By rebelling against his country’s dominant Euro-centric discourse and disobeying the fundamental rules of Albanian grammar, writer Idlir Azizi has created a new kind of Albanian literature. In today’s essay, researcher Adem Ferizaj analyzes Azizi’s Terxhuman and helps us understand the implications it might have for Albanian-language literature and Albania as a whole.
The pyramid crisis in Albania and the Kosovo Liberation War are the only two Albanian incidents that simultaneously made headlines in The New York Times, Le Monde, and Frankfurter Allgemeine Zeitung in the 1990s. Since Western journalists’ interest in the Albanian lands depends on political turmoil in the Balkans that could ruin European “geopolitical stability,” this comes as no surprise. When Western editorial offices are urgently in need of articles about this region, the local who organizes meetings, provides information on the addressed issue, and translates interviews becomes indispensable for them.
In Albania, this local is often referred to as a “fixer,” although the word terxhuman (which shares a root with the English “dragoman”) is used as well. The latter is also the title of Idlir Azizi’s 2010 novel, which takes this profession as a starting point to address Western arrogance towards Albanians and to provide an unprecedented analysis of Albanian society. In a very original way, Azizi deconstructs the mainstream Albanian discourses that are based on Eurocentric concepts, or, to put it differently, on Western arrogance towards Albanians. In this way, Terxhuman (which has yet to be translated into English) interprets Albanian reality in an alternative and postcolonial way. Such an analysis did not previously exist in contemporary Albanian literature.
Borders fade into the background during literary festivals and book fairs in Spain, El Salvador, and Kosovo this week as our editors report on an increasing resolve to disregard distance in honouring literature, gathering readers, publishers, and writers from around the world. Madrid glows with a rich festival of poetry, history is made in El Salvador as its first multilingual online literary publication is unveiled, and Kosovo pays tribute to women artists and writers in its capital.
Layla Benitez-James, Podcast Editor, reporting from Spain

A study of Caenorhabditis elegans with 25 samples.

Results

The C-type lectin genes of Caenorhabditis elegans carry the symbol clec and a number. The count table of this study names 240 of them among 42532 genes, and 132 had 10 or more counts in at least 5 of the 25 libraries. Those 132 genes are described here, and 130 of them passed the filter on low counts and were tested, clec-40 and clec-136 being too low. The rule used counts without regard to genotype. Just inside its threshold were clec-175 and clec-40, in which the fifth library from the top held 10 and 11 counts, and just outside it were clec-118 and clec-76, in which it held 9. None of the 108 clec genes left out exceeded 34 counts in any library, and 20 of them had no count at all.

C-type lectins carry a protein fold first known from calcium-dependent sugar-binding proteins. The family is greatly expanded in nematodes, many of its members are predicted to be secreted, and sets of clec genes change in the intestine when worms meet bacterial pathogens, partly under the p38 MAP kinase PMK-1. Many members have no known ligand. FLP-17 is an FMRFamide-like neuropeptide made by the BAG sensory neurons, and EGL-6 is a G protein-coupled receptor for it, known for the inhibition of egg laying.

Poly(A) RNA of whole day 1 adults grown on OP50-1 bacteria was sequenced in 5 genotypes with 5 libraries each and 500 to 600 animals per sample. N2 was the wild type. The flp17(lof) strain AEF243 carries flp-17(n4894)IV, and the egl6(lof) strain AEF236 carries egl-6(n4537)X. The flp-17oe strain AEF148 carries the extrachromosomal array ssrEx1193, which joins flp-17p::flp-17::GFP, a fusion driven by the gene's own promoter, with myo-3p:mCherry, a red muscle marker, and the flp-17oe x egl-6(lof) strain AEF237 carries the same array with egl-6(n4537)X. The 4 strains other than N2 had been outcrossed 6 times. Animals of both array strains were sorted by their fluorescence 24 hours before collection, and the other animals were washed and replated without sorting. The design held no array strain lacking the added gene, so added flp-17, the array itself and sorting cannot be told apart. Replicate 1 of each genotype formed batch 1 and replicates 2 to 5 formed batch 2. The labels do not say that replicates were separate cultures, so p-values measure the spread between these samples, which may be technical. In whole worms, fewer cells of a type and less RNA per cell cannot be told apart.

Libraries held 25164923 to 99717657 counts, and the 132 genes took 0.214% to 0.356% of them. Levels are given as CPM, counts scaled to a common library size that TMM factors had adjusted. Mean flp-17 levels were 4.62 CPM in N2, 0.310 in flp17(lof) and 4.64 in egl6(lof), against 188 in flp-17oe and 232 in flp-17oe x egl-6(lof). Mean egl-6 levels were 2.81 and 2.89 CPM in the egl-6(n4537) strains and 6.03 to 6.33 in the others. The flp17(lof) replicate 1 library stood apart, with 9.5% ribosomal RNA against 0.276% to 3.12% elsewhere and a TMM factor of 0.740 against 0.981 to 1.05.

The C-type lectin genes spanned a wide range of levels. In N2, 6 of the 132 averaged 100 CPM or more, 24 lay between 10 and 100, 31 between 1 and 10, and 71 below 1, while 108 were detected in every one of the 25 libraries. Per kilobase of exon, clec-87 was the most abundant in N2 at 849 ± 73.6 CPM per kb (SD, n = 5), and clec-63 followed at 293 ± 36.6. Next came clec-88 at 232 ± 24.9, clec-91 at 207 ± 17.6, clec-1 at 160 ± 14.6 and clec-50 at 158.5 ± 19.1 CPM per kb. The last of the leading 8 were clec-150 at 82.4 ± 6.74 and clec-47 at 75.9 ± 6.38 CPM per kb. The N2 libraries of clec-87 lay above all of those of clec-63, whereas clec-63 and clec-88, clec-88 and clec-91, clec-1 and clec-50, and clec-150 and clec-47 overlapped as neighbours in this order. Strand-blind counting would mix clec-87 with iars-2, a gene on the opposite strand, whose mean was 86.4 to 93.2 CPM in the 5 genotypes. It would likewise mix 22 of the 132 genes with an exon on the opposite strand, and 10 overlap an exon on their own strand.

A rowdy concert, out-of-control house party, or public protest are what come to mind when I think about the police showing up to a gathering in Madrid. However, it was a poetry reading whose audience had spilled out onto the street in front of bookshop Desperate Literature which brought them to give a warning on a warm Tuesday night on May 28.
Over the past two years, I have become involved with the Unamuno Author Series in Madrid, first by doing some introductions for the more or less monthly reading series, and eventually becoming their Director of Literary Outreach as we began to make plans to launch Madrid’s first ever anglophone poetry festival. A grassroots and volunteer outfit from the beginning, the series started by accident on March 27, 2012 when poet and Episcopal priest, Spencer Reece, held what was intended to be a “one-off” reading on the patio of the Catedral del Redentor for Cuban-American poet, Richard Blanco. In partnership with bookseller and co-founder/co-manager of Desperate Literature Terry Craven, and scholar Elizabeth Moe, Reece was unaware that the series would eventually evolve into the packed and vibrant Unamuno Poetry Festival. In the end, the week of May 27 through June 1, 2019 would see eighty readings spread across five venues, including a lecture series hosted in the historic Residencia de Estudiantes, where Federico Garcia Lorca, Salvador Dalí, and Luis Buñuel all lived and studied. Taking place in the mornings, these panels counted poet Mark Doty, Laura García-Lorca (niece of Federico García- Lorca), and local Madrid native poet Óscar Curieses among their ranks, alongside many others.
We wrap up an exciting week for the Asymptote team—and for the book club in particular—with our weekly roundup of world literature. This week, Barbara Halla gives us the latest on authors and festivals in Albania and Kosovo, including Ismail Kadare, who was featured in the Winter 2018 issue. Cassie Lawrence explores the latest in British publishing, including an exciting diversity endeavor from Jacaranda Books. Finally, Kate Garrett shares the latest literary award winners in Australia. Enjoy a reading-filled weekend!
Barbara Halla, Editor-at-Large, reporting from Albania and Kosovo
Kadare might have been snubbed for the Nobel Prize once more last year, but 2018 is going well for him already. We are barely two months in and Kadare is collecting prizes. In January, he won the Italian Nonino International Prize, whose previous winners include Claude Lévi-Strauss and V. S. Naipaul. The European Bank for Reconstruction and Development launched its first literary prize as well, with Kadare’s The Traitor’s Niche making the inaugural shortlist. As if this weren’t enough, the English-speaking public will receive two new books by Kadare, both published in early 2018. A Girl in Exile (translated by John Hodgson) is both an adaptation of the myth of Orpheus and Eurydice and a nostalgic look at Tirana during Communism. Restless Books, on the other hand, is issuing for the first time in English a collection of Kadare’s essays aptly titled Essays on World Literature: Aeschylus, Dante, and Shakespeare, translated by Ani Kokobobo. For those interested, an excerpt can be read in Asymptote’s latest issue.